The Complexities of Justice

The readings for this week make clear that the pursuit of justice for victims of the Holocaust expanded beyond the legal system. In his article “Everybody Gets Fragebogened Sooner or Later’: The Denazification Questionnaire as Cultural Text,” Werner Sollors displays the wide reach that the project of denazification had to have as well as somewhat of its unrealistic expectations to altogether purge Nazism. The reading begs questions of what defines a Nazi and Nazism. While the questionnaire attempted to make perpetration of Nazi violence straightforward by establishing different levels of offenders, this very system actually took too narrow a focus on Nazi perpetration rather than seeing its various forms and levels. It was also contingent on people answering truthfully. This relates to an overall theme of Holocaust memory that I picked up on throughout several of the readings. This memory was something that had to be confronted by all those who experienced the Holocaust in addition to the next generation who lived under the shadow of the Holocaust as Mary Fulbrook contends. Memory was also imperative in seeking justice for victims which is something that Fulbrook complicates.

There is a certain duality in the expectation of Holocaust victims to at once relieve memories of the Holocaust, memories that are deeply entrenched with trauma, while looking into their futures and the future of their children. Fulbrook gets to the heart of how complex fair justice for all victims of the Holocaust has been. If we think of victimhood in terms of singularity rather than variation, we risk erasing certain victim groups. Fulbrook illustrates this by shedding light on the way that gay men struggled to be recognized as victims of the Holocaust. This element of the reading brought to mind our discussion of Memorial to Homosexuals persecuted under Nazism and the absence of commemoration to lesbian victims of the Holocaust.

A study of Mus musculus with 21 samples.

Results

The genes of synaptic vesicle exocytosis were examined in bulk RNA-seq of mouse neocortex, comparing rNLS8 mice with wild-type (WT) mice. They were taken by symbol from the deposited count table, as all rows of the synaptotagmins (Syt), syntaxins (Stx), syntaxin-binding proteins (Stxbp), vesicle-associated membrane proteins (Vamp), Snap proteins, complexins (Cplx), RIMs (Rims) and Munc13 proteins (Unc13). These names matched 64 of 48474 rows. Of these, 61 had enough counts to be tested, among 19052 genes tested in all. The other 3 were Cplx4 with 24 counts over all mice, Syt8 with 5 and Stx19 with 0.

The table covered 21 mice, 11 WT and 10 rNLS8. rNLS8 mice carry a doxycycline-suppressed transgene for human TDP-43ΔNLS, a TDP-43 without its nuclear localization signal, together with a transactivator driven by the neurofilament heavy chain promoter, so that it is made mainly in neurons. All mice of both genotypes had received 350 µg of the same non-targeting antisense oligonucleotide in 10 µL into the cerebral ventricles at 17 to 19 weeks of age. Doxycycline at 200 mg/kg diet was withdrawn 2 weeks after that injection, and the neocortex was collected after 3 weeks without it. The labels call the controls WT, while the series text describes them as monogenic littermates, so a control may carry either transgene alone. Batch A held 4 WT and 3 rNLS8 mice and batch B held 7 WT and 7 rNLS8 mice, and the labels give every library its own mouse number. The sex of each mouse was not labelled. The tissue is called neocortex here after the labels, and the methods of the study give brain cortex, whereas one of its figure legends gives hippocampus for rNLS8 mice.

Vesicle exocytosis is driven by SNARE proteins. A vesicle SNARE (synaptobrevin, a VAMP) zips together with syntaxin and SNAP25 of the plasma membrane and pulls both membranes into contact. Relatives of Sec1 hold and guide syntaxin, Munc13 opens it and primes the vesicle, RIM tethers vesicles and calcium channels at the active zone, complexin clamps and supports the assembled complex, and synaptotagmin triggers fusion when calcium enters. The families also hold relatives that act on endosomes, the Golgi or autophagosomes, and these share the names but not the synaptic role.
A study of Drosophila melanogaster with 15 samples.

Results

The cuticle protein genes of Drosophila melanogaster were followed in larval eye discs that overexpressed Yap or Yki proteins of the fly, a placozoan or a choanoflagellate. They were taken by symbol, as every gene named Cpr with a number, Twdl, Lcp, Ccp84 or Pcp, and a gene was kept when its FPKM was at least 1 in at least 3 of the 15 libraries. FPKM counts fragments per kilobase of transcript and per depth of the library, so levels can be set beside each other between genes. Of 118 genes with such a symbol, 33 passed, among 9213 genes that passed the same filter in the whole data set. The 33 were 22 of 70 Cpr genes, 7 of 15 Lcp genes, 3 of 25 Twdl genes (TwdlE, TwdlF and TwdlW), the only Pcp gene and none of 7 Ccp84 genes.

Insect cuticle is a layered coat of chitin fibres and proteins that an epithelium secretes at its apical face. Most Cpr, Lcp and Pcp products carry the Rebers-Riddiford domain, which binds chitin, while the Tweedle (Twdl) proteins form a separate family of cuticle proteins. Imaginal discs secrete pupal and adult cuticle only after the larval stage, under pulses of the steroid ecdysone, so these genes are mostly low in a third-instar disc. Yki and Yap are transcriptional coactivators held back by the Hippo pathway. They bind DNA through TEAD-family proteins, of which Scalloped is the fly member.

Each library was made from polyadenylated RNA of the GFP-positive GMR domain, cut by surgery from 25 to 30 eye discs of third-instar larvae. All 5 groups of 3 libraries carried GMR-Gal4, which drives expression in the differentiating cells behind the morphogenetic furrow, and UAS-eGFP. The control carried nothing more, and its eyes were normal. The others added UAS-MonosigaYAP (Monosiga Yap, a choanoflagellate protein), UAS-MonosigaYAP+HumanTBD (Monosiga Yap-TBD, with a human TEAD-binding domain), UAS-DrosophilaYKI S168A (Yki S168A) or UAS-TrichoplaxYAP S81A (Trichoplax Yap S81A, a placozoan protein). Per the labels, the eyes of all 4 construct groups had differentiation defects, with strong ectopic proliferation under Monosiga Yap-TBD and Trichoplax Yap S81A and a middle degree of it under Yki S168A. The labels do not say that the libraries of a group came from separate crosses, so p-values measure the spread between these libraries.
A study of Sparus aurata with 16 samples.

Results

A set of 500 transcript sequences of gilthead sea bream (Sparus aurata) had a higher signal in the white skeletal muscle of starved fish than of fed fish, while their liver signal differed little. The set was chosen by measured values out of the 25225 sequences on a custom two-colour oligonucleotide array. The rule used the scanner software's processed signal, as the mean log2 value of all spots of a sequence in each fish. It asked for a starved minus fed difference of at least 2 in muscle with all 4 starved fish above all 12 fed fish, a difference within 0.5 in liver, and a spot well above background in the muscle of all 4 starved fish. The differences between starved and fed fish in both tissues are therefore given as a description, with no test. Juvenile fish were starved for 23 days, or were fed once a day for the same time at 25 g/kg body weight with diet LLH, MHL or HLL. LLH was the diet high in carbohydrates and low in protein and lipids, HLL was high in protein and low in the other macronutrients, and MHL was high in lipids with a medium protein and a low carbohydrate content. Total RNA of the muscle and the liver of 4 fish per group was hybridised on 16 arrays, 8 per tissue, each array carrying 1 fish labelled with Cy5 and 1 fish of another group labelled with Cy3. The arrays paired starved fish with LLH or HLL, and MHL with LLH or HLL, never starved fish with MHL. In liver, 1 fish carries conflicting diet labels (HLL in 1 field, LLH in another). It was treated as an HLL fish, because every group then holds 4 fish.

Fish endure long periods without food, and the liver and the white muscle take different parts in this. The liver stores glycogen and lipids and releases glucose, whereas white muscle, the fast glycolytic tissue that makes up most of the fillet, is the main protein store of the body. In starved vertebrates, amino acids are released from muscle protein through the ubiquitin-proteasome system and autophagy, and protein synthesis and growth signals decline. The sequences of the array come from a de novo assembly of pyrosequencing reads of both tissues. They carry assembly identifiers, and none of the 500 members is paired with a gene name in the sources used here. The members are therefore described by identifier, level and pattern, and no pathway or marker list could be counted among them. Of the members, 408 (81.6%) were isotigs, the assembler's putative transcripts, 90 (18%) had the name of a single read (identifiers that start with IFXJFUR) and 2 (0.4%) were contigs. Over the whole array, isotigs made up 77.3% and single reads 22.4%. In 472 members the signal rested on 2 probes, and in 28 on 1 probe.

Ultimately, when considering the path to justice after the Holocaust, we need to think in terms of variation and nuance so as to properly recognize complexities.

One Reply to “The Complexities of Justice”

  1. I appreciate the authors use of “justice beyond the legal” system. This is a very nice grounding that I would have liked to see further elaborated on. Perhaps with a consideration of the specific domains that justice is achieved. I have argued that history as a discipline is a form of restorative justice, in my response this week.

    There is a lovely complication of belief when the author deicsusses tht work of Werner Sollors writting “what defines a Nazi and Nazism?” This can be put in direct conversation with Fullbrook’s work even further. In Fullbrook’s chapter “Discomfort Zones” she explores the complicity and self-justifcation of those that directly supported the Nazi regime, though those like the school teacher of Rudolf Höss’ children, have emerged as victims of the past with indirect involvement.

    The author uses the Holocaust as a point of reference however it may have been better to use the Third Reich or the Nazi regime as the historical conduit on which they have offered criticism. This may have allowed a greater space to speak about the non-Jewish group such as homosexual victims in much clearer terms. Conversly, proboblamtizing the narratives of the Holocaust by integrating if its history and the event itself is the exclusive domain of affected Jewish peoples may have offered a rich excerise to embold the analysis.

    I absolutely agree that variation, nuance, and complexities should be considered when reckoning with the past. It would have been nice to have a few more examples of what the author meant by this.

    A lot to think about and a lot hear to enrich our dicussions on Monday. Thanks to author for this thoughtful contribution.